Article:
These days, it’s easy to combine the two.
Stanfield, 36, uses Twitter for a variety of reasons, but the Guntersville resident said one of the biggest is to follow her favorite current and former Alabama football players.
“Some of my favorite players’ tweets are Kenny Bell, AJ McCarron, Jesse Williams and Barrett Jones,” said Stanfield, an office manager. “My favorites from former players are Dont’a Hightower, Julio Jones and Mark Ingram.
“They’re favorites because they interact with fans the most — AJ, Kenny and Dont’a — and their sense of humor is entertaining to me.”
The two current Alabama players with the most Twitter followers among starters appear to be All-America center Barrett Jones, who has more than 16,900, and starting quarterback AJ McCarron with more than 17,000. Alabama safety Vinnie Sunseri appears to have the most followers among defensive players with more than 12,300.
It’s not unusual for the players to field various requests from fans. Usually, it’s little more than asking for a little recognition.
For example, a mother of four asked McCarron to retweet her post because “I have the best boys in the world.” McCarron obliged.
A man who was turning 53 asked McCarron to retweet his post for his birthday. Again, McCarron did so.
Jones allowed fans to get involved in his Twitter discussion several weeks ago about whether “Seinfeld” was a better television show than “Friends.”
Jones believes “Seinfeld” is best, hands down: “It’s about a lot of everyday situations that could happen to just about anybody,” he said in a recent interview.
One fan, Alabama freshman Kaci Crumpton, got defensive lineman Jesse Williams to smile and pose briefly for a photo after Sunday’s Fan Day practice. Later that day, she sent him the picture through Twitter and thanked him. Williams retweeted the photo to allow his followers to see it.
Stanfield posted a tweet recently and saw that Tide freshman wide receiver Amari Cooper not only retweeted it, but marked it as a “favorite.”
“As a fan, it’s almost like getting a celebrity to tweet at you or retweet you,” she said. “It feels sort of like an accomplishment.”
However, she said that most importantly, she wants the Alabama players to know how fans feel about them.
“I felt like (Cooper) knew he had fans’ support ... like he knew we were proud to have him on our team,” she said. “I always want the players to feel support from fans, and Twitter can be great for that.”
Jones seems to have the most fun of Alabama players with Twitter, often showing off a low-key sense of humor. After a recent practice in which he and other Crimson Tide players did the traditional “up-down” exercise, he wondered on Twitter why it’s called “up-down.” After all, the players hit the ground, then get back up.
“Why do they call it an ‘up-down’ when really it’s a ‘down-up’?” he posted.
Jones said he likes keeping it light on Twitter.
“It’s fun for me,” he said. “I like it most to get information. So much information is available. But it’s also fun. I think I have a good sense of humor. I like to laugh, and Twitter is a place where we can have fun.”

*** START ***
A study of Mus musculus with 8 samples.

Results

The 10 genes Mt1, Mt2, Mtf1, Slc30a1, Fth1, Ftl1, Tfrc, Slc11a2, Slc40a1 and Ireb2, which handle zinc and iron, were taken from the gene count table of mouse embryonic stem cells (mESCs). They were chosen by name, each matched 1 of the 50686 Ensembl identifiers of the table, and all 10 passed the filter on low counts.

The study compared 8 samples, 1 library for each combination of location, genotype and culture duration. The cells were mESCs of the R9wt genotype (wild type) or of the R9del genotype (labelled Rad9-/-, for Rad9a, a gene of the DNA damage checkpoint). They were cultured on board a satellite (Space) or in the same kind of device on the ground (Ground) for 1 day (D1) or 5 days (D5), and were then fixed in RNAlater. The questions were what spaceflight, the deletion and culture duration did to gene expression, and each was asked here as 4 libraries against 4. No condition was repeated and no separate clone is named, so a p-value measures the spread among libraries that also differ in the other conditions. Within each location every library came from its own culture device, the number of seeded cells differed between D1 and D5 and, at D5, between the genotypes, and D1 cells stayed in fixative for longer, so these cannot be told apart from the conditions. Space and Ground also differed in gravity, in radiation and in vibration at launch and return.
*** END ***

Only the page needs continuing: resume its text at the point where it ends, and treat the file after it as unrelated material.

Perhaps the most popular Alabama player on Twitter is Carson Tinker, a reserve who snaps for extra points, field goals and punts. Tinker has become one of the faces of the Tuscaloosa community’s recovery from the April 27, 2011, tornadoes. His girlfriend, Ashley Harrison, was killed in the storms, but Tinker became a source of strength to his teammates, friends and family in picking himself back up.
He has more than 17,100 followers, and like Jones, he likes to keep it light. He recently posted a photo of a dry-erase board with a bunch of math figures on it.
In his post, he wrote simply: “I figured out the physics behind matching laces on a FG snap.”
Tinker also was the one who initially outed teammate Jesse Williams for bench pressing 600 pounds. Tinker tweeted about the accomplishment, and because he has so many people reading his tweets, a minor Twitter stir followed.
Williams retweeted every posting he could find, leading one Twitter follower to ask if he was going for 600 retweets, too.
“I like Twitter,” Williams said. “It’s a great way to keep up with fans.”
But does he worry about other teams seeing his accomplishment and taking aim at him?
“I doubt a lot of my opponents really follow me on Twitter,” he said, smiling. “But it exploded a lot further than I expected. I’m sure other teams got a whiff of it. I had friends from my junior college call and ask me about it, ask if it was real and stuff.”
So what does Alabama head coach Nick Saban think of this? Does one of college football’s most controlling coaches approve of his players tweeting?
“As long as they do it responsibly, I trust them,” said Saban, who has no official Twitter account. “When they don’t, then abuse brings control. Pretty self-explanatory.”
However, he does make sure his players are monitored.
“We have a rule that you don’t post anything about our team,” he said. “We monitor what they tweet because, A, we don’t want them to represent themselves poorly from a character standpoint, and, B, we don’t want them to do anything representing the team or what the team is trying to accomplish to be compromised by what they post.”
When LSU dismissed All-America defensive back Tyrann “Honey Badger” Mathieu on Friday, a quick check of player Twitter accounts that afternoon showed that only one player had posted anything about the former Bengal Tiger. It was Cooper, and his post appeared innocent enough: “As an Alabama wideout I wish the honey badger would’ve still been on that team.”
Stanfield said it’s clear to her the players are following some guidelines.
“It really makes me proud because I’ve been following several Bama players and I haven’t seen any of them get out of line like I have players from other teams. Whatever Coach Saban’s policy is to his team, they obviously follow it.”